Tom at the Farm review: shoulda stayed in the city

Tom at the Farm red light

An overwrought pastiche of Hitchcock that makes less sense and renders its protagonist far less plausible the longer it goes on.
I’m “biast” (pro): nothing

I’m “biast” (con): haven’t been a fan of Xavier Dolan’s work so far

(what is this about? see my critic’s minifesto)

Tom is at the farm, in the countryside outside Quebec, for the funeral of his boyfriend. Except his lover’s mother, Agathe (Lise Roy), has no idea her dead son was gay, so she believes Tom is simply his friend from the ad agency where they work(ed), and laments that “that whore” whom she believes to be her son’s girlfriend — thanks to the machinations of her other son, Francis (Pierre-Yves Cardinal), who has been “protecting” Mom from the truth by inventing stories — hasn’t shown up.

Writer, director, and star (he plays Tom) Xaviar Dolan (Laurence Anyways) has adapted a play by Michel Marc Bouchard not as the emotional domestic drama you might expect from such a setup, but as a Hitchcockian thriller that makes less sense the longer it goes on, and requires him to make Tom less sympathetic and — much worse — far less plausible the longer it continues. I thought the intense strings of suspense on the overwrought soundtrack were rather odd in the opening scene, when Tom arrives at the farm to find no one home, and has a wander around the grounds and barn in a sequence that is in no manner suspenseful. (The cows stare balefully at him, as if to ask what the hell is with that music clinging to him.) But as Francis reveals himself, almost instantly, to be a homophobic thug, Dolan builds a modestly effective sense of ominous menace, particularly as the brother threatens Tom into keeping his mouth shut about the truth, only adding to Tom’s palpable devastation: just as he needs to talk about how he grieves for his relationship and his love, he can’t. And there’s the added tragic loss of how Tom might comfort Agathe by reassuring her that the most important person in her dead son’s life is, in fact, present for his funeral. Can Tom endure through the funeral, until he can escape?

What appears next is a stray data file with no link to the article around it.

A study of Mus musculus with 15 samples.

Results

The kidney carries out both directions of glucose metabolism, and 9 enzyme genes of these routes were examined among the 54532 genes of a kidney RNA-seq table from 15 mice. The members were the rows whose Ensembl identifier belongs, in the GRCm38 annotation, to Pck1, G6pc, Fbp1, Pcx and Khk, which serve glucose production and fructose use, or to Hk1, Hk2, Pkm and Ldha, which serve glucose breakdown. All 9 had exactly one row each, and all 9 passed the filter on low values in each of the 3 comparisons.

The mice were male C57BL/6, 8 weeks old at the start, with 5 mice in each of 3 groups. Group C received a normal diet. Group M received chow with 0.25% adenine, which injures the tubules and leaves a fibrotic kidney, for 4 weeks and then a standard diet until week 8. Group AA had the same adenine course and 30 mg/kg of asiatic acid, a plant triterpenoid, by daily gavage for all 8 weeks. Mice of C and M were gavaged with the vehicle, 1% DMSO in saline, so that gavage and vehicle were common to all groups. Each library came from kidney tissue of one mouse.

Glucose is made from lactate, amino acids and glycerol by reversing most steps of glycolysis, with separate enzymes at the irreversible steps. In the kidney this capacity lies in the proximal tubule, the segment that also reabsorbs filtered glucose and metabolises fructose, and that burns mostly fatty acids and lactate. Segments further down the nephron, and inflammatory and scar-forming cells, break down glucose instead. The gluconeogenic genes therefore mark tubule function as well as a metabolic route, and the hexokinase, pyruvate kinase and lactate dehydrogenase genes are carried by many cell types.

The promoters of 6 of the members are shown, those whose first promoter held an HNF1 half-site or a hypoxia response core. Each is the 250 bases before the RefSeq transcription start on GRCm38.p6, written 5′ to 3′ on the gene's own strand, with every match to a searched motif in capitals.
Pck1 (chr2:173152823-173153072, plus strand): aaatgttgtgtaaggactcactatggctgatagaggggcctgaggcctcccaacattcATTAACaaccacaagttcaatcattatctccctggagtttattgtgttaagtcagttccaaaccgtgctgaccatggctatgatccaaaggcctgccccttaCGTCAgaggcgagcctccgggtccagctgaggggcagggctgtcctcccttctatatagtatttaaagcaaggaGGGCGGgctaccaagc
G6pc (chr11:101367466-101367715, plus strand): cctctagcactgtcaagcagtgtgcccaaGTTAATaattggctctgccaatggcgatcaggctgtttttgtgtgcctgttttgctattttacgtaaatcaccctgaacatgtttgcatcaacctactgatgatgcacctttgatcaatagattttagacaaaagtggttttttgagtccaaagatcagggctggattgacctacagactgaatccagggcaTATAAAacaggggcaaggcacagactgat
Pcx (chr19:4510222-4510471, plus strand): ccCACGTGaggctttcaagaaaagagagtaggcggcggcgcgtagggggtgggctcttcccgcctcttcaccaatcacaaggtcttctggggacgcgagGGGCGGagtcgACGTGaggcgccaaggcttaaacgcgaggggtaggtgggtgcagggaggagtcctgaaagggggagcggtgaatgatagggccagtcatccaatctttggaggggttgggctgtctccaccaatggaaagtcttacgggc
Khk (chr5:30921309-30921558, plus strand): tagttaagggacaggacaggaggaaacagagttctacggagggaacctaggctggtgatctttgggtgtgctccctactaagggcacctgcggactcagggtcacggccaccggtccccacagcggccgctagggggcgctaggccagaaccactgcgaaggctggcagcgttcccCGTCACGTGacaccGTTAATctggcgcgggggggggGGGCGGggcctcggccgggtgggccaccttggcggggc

But all this carefully constructed emotional catastrophe gets thrown away when Tom does not, in fact, escape when he can: he sticks around, for no reason that we can see, and somehow falls under a nonexistent spell of Francis’s, even as he grows increasingly violent. Francis is not a charmer under a gruff exterior; he is a monster. After the North by Northwest-ish chase through the cornfield — complete with more of the overwrought suspense strings and an aspect ratio that has suddenly gone superwidescreen — that ends with Tom beaten up by Francis merely for being gay, that should be it for Tom. The funeral is over: there is nothing keeping him in this situation, and he could just hop in his car and get the hell out of there. He doesn’t. When things get even worse, he still doesn’t leave. We have no idea what is going on in Tom’s head that is preventing him from running. And suddenly he has nothing but our derision.

I think we can guess what’s going on in Dolan’s head, though. He’s only 25 years old, and this is already his fourth film. He may be suffering from the young film geek’s mistaken belief that style can trump substance. He’s hugely ambitious in thinking he can take on Hitchcock, but Hitchcock wasn’t just about the way a film looks but also about why people get mired in untenable situations that must be survived. Dolan may be able to ape the one aspect of the great filmmaker he clearly admires so much, but he needs to learn how to ape the other.

If you’re tempted to post a comment that resembles anything on the film review comment bingo card, please reconsider.